Nutria are semi-aquatic rodents brought to North America from South America to be raised for their fur.
Nutria are semi-aquatic rodents brought to North America from South America to be raised for their fur. (Image credit: <a href=" ">Sters</a> | <a href="">shutterstock</a>)

As large rodents with ratlike tails, orange teeth, a reputation for chewing up fragile vegetation and a South American origin, nutria are the sort of species that tend to earn the hostile-sounding label, "invasive species."

But now a friendly, animated nutria is challenging this notion. In a short video, created by filmmaker Drew Christie and published on the New York Times' website, a nutria living in Lake Washington, in Washington state, argues that nutria are perhaps no more deserving of the "invasive" label than humans themselves.  

"I know us nutria have a bad habit of overpopulating an area, and overharvesting the edible plants within a small area, resulting in a die-off of desirable plant species. But that sounds a lot like someone else I know of," says the nutria in the film "Hi! I'm a Nutria." He continues, "I know I am not really supposed to be here, but guess what, neither are you."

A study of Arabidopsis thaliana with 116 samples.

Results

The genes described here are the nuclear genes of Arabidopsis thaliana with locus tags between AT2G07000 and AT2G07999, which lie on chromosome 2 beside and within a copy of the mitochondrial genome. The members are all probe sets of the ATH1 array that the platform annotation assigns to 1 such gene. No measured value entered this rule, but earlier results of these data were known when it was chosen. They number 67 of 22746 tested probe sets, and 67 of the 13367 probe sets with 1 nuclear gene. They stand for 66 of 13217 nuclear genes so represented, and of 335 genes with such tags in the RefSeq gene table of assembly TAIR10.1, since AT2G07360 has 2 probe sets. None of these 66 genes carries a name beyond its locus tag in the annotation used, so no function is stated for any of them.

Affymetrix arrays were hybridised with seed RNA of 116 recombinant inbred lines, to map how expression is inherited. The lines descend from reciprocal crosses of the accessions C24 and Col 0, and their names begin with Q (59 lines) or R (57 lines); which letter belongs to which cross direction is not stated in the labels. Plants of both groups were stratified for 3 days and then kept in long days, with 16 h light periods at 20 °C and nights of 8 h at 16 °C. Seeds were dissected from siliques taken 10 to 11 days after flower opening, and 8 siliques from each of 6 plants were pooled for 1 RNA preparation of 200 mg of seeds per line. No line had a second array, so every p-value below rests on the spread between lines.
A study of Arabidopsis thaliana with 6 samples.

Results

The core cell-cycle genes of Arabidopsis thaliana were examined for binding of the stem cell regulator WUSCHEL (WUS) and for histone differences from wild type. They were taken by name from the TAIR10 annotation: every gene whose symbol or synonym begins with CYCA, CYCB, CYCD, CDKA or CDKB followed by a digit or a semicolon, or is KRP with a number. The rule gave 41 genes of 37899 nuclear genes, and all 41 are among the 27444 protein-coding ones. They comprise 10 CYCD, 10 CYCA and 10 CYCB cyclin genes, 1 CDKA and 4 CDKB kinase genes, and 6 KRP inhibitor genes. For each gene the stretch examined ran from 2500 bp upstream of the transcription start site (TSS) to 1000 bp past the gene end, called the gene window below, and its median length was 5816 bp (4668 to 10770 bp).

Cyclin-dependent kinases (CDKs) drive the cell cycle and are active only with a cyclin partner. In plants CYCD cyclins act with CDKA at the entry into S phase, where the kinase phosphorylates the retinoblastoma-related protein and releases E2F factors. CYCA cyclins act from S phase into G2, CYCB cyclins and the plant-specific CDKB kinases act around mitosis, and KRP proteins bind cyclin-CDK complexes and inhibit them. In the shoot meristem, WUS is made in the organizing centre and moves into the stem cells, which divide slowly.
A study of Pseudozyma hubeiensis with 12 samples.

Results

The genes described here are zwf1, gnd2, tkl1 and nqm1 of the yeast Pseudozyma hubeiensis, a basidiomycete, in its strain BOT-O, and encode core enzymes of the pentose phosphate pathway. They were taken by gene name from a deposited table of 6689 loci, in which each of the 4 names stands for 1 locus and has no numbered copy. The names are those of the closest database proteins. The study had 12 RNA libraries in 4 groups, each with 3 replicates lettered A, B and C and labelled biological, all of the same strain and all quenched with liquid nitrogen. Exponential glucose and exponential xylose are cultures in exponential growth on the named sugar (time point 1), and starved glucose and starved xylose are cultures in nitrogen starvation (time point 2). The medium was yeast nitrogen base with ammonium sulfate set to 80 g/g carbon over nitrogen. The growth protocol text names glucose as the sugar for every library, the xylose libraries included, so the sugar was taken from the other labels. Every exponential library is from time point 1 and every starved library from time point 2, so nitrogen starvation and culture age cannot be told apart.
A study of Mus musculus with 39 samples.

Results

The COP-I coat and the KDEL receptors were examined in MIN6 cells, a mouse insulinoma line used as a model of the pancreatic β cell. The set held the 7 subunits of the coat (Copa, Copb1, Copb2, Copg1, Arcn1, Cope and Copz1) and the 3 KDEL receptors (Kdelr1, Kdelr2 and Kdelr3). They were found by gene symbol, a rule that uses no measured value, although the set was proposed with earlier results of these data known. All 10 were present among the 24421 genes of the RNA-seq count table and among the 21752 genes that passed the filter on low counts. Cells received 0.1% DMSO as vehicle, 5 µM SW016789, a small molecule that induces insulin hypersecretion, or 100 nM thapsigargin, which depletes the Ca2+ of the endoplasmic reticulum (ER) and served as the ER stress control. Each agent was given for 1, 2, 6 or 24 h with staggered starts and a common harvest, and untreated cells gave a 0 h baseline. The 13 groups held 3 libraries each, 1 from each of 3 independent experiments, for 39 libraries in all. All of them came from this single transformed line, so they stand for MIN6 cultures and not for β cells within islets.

Nutria, originally from South America, were imported into the U.S. for their fur – just as the fur trade motivated Europeans to settle North America much earlier, the video points out.

Do you think humans are an invasive species?

The animals eventually escaped or were released by those raising them. In Louisiana, nutria have destroyed wetlands with their habit of overgrazing vegetation. A campaign there to reduce their population by marketing them as food has given way to a bounty program.

More than 600 nutria farms existed in Oregon and Washington from the 1930s to the 1950s. Flooding and storms enabled some nutria to escape, and farmers also released nutria when raising them became uneconomical, according to the Washington Department of Fish and Wildlife.

Christie's grandfather was among the farmers who released their nutria. Now, the descendants of these animals are aggravating homeowners near Lake Washington, Christie writes.  

"My aim is just to say, 'Hey, look in the mirror before blaming all your problems on rodents and other easy targets,'" Christie writes in The New York Times.

You can follow LiveScience senior writer Wynne Parry on Twitter @Wynne_Parry. Follow LiveScience for the latest in science news and discoveries on Twitter @livescience and on Facebook.

Wynne was a reporter at The Stamford Advocate. She has interned at Discover magazine and has freelanced for The New York Times and Scientific American's web site. She has a masters in journalism from Columbia University and a bachelor's degree in biology from the University of Utah.